Post-Linearity: While the Label "Progressive" is Charged with Past Meaning, It's Full of Possibility

At least one of my blog labels/themes has the term "progressive" in it. To use the adjective "progressive" is often seen as problematic because it appears to label those who don't share your viewpoint as regressive. In this sense it seems to be a schismatic word. However this interpretation understands the word in a linear sense and therefore assumes that progression is about heading to a higher or further place. I have transcribed some words from another blog which I felt summed up my own alternative understanding of the word progressive. In these words the author uses the term "nonlinear" to describe the world. I'd instead invent the term post-linear because in this diffferent understanding of the world we are exploring, we are not trying to create (rather paradoxically) a "linear" choice between "linear" and "nonlinear." We are exploring another possibility for what progress looks like - as the blog says a possibilty of space-making and kinetic community-building.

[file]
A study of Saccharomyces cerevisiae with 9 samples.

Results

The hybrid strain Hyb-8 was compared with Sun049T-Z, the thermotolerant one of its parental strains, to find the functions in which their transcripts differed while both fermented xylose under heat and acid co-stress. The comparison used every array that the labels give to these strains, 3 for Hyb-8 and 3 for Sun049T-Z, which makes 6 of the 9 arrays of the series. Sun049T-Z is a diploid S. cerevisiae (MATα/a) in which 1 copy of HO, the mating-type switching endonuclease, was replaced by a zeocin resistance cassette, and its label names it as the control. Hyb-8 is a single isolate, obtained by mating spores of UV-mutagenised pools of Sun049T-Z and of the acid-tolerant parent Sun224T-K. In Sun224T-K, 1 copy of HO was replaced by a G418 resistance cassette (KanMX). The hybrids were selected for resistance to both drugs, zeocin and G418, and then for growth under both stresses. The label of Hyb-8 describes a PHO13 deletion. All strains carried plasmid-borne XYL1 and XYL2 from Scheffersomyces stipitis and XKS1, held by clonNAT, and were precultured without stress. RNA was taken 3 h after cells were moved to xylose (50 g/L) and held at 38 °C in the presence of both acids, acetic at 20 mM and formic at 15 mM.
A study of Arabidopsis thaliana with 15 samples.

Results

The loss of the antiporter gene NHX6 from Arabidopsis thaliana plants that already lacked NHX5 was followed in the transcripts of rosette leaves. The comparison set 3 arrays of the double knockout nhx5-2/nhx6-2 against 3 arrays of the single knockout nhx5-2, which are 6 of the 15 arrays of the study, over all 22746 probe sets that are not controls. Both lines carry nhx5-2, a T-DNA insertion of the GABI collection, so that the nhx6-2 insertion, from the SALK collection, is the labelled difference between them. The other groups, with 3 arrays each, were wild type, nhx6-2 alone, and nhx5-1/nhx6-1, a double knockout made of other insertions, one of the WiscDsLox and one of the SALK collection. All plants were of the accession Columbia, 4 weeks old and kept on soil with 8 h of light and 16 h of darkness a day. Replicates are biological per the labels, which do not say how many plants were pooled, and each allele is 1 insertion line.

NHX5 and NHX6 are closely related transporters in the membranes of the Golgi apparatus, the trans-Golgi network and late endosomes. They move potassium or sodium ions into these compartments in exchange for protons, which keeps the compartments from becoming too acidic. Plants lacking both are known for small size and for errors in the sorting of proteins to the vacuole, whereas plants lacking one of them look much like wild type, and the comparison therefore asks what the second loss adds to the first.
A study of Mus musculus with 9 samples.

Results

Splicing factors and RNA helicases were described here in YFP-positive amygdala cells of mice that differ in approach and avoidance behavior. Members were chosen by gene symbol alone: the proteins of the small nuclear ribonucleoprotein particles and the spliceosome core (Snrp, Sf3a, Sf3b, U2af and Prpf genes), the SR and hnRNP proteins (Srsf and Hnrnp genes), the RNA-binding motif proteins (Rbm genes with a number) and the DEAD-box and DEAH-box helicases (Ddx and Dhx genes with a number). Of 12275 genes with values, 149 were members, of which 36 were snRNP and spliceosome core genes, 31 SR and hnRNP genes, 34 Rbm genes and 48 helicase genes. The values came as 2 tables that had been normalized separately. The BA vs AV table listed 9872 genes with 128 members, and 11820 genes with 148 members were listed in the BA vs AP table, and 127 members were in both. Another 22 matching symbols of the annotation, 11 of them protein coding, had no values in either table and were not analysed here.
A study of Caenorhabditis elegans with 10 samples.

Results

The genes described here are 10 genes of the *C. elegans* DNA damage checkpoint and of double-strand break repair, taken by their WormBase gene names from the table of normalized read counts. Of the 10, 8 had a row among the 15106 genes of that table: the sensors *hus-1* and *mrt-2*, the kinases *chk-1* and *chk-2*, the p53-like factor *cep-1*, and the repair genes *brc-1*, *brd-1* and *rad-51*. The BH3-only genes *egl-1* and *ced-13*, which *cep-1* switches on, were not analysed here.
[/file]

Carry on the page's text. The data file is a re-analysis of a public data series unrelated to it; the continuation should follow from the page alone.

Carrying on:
The label “progressive” is a charged word nowadays. It is either one group’s property, or another group’s hissing epithet. It is a word that is overladen with assumptions that limit a more robust understanding of what it means to embody progress.

.....Progress relates to movement. Typically we assume that progress means movement forward and upward. However, in today’s nonlinear world, moving forward and upward is not an automatic good. Our cultural obsession with moving forward and upward was a key factor in the recent economic crisis. Jesus confronted the same dynamic in his followers.

....Progress, in Jesus‘ mind, was not about moving up or forward, but about moving in a direction that made friendship and community possible and sustainable.

....Progressive action in the gospel is determined and measured by relationships made, healed, and sustained.

....... Consequently, the measure of our progressiveness will be found in the nature of belonging within our churches and communities.